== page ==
Three IAgrE members, who are experts in their own field, have received awards for their outstanding contribution to the land-based sector at a ceremony held at the Claas UK headquarters in Little Saxham, Suffolk.
Professor Jane Rickson was made an Honorary Fellow of IAgrE for her work which focuses on understanding soil functions and their role in the delivery of ecosystems goods and services, including water regulation, agricultural production and carbon storage.
Professor Rickson was President of the Institution from 2018 to 2020, which coincided with an important government focus on reform of agricultural policy with the concept of farm subsidies being linked to ‘public good.’
“Jane has been committed to supporting IAgrE in its work to promote the wider agricultural engineering discipline, as it relates to food security. Her passion for the topic was undoubtedly influential in shaping government thinking and public awareness of soil and the need for protection,” said Charlie Nicklin CEO of IAgrE.
Dr David Lewellyn who is a Fellow of IAgrE received an award for his contribution to the land-based sector. “Dr Llewellyn has made a huge contribution to work in the land-based sector, which was recognised when it was announced in the 2022 New Year Honours list that he was to be made a Commander of the Order of the British Empire for his service to higher education, agriculture and rural industries,” said Mr Nicklin. “During his leadership Harper Adams University has become regarded in the UK as the leading provider of higher education for the land-based sector,” Charlie added.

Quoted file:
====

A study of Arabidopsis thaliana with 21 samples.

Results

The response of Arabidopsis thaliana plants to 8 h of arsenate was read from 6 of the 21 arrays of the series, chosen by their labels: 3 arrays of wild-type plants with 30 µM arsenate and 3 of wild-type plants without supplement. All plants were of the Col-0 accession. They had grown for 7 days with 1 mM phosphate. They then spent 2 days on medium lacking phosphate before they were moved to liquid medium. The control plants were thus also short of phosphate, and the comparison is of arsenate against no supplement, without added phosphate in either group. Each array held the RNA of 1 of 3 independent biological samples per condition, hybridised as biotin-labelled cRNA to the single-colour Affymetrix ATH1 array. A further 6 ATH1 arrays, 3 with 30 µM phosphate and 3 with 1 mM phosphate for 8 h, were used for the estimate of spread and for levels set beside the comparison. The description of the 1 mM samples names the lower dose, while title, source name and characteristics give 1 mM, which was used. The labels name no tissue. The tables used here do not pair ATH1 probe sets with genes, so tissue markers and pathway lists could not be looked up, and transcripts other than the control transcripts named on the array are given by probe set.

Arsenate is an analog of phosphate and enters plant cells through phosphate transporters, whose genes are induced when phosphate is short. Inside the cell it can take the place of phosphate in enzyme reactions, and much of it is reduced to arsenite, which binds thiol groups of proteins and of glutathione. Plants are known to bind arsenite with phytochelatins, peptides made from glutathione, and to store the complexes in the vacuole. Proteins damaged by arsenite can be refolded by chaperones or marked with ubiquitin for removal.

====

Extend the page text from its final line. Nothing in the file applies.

Director of Tillett and Hague Technology Ltd, Dr Nick Tillett received an Award of Merit for his work relating to in-field guidance and the control of systems for plant scale husbandry.
Dr Tillett joined Silsoe Research Institute as a research engineer in 1984 where he worked on a range of projects including those concerned with robotic milking and the automated harvesting of cauliflowers. Following the closure of Silsoe Research he formed Tillett and Hague Technology with Tony Hague in 2005 to continue the successful line of research using computer vision to guide field machinery. Their idea of using a synchronised rotating blade in regularly spaced crops to remove weeds between crop plants in the row was developed collaboratively and the first commercial in-row weeding machines were sold in 2008.
The awards were made by the new President of IAgrE Steve Constable.